You Won't Believe What's Happening In Nicaragua

On December 24, work began on one of the world’s largest industrial projects, but you probably haven’t heard about it because it’s proceeding so quietly. 

Without an economic or environmental assessment, last year Nicaragua approved the building of a canal that’s triple the length and much deeper than the Panama Canal. Super-sized container ships that can’t fit through Panama’s will make it through, elevating Nicaragua’s importance in the world economy and supposedly bringing lots of jobs. Proponents says it will lift the country out of dire poverty.

But at what cost?

The $50 billion, 173 mile-long Gran Canal will link the Atlantic and Pacific Oceans by cutting through critical rainforests, bisecting Lake Nicaragua – the largest freshwater body in Central America – and forcing relocation of hundreds of villages and tens of thousands of people that have lived there for centuries. 

Dredging and salt infiltration will permanently alter the lake’s  ecosystem and a major source of drinking water, while over 400,000 acres of rainforests and wetlands – part of the Mesoamerican Biological Corridor – are destroyed, say scientists in Nature

Nicaragua Canal

Hong Kong-based Nicaragua Canal Development Investment Company received a 100-year concession to build and operate it – a new company selected without competitive bids last June. "It will possibly be the largest movement of earth that has ever been undertaken," says Bill Wild, Chief Project Adviser.

Nicaragua even amended its constitution for the project, granting the company "the right to expropriate land and natural resources as it sees fit for the success of the project and sub-projects." It has the right to build and operate industrial centers, airports, rail networks and oil pipelines, reports Nature.

At the same time, other parts of the constitution are ignored – the right of indigenous people to autonomy and self-determination, and the right to collective ownership of communal and indivisible lands. 

The whole affair is moving forward without public consultation or parliamentary debate. As you can imagine, there have been many protests and lawsuits are planned.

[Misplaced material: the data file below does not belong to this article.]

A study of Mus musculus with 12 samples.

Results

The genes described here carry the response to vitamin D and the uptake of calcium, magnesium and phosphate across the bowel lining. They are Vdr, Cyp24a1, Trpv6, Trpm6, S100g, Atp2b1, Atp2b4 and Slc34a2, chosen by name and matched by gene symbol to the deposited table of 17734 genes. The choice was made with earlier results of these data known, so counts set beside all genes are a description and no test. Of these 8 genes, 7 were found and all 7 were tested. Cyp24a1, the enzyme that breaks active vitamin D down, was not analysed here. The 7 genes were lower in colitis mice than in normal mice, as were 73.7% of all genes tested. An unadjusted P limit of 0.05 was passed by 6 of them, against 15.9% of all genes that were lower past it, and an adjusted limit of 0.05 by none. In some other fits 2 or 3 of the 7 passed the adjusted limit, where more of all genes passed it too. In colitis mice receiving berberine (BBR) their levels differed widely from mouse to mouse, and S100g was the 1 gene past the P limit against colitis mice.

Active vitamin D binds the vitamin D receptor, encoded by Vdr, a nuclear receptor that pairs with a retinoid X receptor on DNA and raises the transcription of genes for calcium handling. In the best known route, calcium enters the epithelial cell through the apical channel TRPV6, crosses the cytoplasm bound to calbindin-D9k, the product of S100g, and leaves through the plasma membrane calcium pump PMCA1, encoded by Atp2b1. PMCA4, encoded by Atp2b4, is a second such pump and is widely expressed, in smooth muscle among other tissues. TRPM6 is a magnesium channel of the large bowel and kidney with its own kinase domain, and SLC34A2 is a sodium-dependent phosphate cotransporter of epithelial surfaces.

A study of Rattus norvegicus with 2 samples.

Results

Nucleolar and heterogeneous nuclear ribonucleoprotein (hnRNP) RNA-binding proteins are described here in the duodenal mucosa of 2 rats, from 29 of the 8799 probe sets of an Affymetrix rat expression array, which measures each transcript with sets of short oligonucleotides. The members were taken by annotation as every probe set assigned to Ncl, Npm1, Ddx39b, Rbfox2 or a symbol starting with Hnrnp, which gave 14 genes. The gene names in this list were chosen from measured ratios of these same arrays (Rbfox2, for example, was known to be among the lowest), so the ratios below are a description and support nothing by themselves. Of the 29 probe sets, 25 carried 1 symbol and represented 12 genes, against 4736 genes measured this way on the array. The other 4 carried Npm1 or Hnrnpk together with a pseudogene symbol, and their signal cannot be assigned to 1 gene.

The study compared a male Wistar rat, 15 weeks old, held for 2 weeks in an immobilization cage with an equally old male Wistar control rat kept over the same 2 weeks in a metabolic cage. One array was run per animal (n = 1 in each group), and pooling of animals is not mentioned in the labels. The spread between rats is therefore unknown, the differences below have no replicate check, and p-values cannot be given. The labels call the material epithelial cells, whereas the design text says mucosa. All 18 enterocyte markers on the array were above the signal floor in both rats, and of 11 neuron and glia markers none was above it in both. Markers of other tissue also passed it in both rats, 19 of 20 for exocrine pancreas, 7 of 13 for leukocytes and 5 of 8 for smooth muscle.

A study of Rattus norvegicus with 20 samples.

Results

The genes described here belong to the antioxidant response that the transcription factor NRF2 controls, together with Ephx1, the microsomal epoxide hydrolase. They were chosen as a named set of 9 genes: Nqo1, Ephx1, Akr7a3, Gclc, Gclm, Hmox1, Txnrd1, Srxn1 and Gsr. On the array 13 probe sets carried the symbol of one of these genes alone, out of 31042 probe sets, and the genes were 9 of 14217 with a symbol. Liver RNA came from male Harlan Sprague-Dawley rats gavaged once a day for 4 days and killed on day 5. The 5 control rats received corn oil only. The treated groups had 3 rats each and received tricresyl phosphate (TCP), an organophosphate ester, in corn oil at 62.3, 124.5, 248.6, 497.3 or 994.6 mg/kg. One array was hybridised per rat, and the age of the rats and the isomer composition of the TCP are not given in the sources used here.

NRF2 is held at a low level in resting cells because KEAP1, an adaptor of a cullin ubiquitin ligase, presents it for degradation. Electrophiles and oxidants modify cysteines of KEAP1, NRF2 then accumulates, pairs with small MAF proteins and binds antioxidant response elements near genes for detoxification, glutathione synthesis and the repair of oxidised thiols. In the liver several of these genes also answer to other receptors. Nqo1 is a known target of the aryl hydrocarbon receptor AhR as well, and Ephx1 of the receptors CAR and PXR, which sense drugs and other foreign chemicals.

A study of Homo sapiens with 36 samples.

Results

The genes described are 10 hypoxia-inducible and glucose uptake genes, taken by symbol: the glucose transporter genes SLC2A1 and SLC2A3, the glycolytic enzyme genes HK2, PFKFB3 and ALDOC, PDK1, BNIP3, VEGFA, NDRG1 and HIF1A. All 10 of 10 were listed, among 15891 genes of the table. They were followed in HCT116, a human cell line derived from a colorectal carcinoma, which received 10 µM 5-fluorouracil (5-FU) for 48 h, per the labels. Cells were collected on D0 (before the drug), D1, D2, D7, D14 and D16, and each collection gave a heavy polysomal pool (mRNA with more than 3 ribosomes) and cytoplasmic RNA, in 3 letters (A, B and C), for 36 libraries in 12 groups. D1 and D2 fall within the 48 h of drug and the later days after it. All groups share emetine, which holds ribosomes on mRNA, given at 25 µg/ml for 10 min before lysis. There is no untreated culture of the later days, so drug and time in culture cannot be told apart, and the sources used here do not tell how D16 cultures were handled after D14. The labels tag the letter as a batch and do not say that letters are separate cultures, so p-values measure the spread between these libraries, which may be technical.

"Swift and decisive international action is called for. The Nicaraguan Academy of Sciences is coordinating efforts with the InterAmerican Network of Academies of Sciences to carry out an independent impact assessment. We need more conservation groups and social organizations to lend their expertise and funds if we are to prevent the tragic devastation of indigenous communities along with terrestrial, marine and freshwater biodiversity and resources in Central America," say scientists Axel Meyer and Jorge Huete-Pérez in Nature.

Read the article in Nature:


  1. Itaia Muxaic de Ricart

    Most of the piece is twisted hype to create hysteria, because the canal is not approved by the USA. The impotent American “Green Movement” can’t stop the Keystone XL pipeline or fracking and does not even know about oil exploration around Florida’s Everglades. But the vast majority of Nicaraguans want the canal and both labor unions and industry are eager to partcipate. Nicaragua has 6 million inhabitants, of whom a half a million have to live or work as migrants in Costa Rica. Each year until 2020 Nicaragua has to feed and employ an additional 100,000 people.

  2. Itaia Muxaic de Ricart

    (Continuation of above comment. I did not want to waste time on non-functioning sites). I SUPPORT THE ENVIRONMENTAL MOVEMENT IN THE USA! But the environmental issue is being used by U.S.and NATO geopolitical strategists as “soft power” destabilization operation in “independent nations” (too damn uppity independent, like Nicaragua, Bolivia, Ecuador, Brazil, also India and others). Each major national development project gets immediately attacked by U.S. and NATO “ops” – but instead of the Reagan era “Colonel Oliver North Contras” – in the 21st century, the USA uses the “activists” of European NGOs: They arouse no suspicion. In Nicaragua the initial lead NGO is “IBIS” from NATO Denmark. “IBIS” has been expelled from Bolivia in 2013 for identical “conspiracy”. 60+% of Bolivians are tribal Indians and the President Evo Morales is an Ayamara. Bolivia will become the leading exporter of lithium batteries for electric cars: Bolivians, Indian or Mestizo can’t live from “fishing and hunting” and growing bananas as people did in the pre-neolithic era. Stick to really working for the environment in the USA and do not become useful idiot-mercenaries for geopolitical adventure operations. which you do not fathom.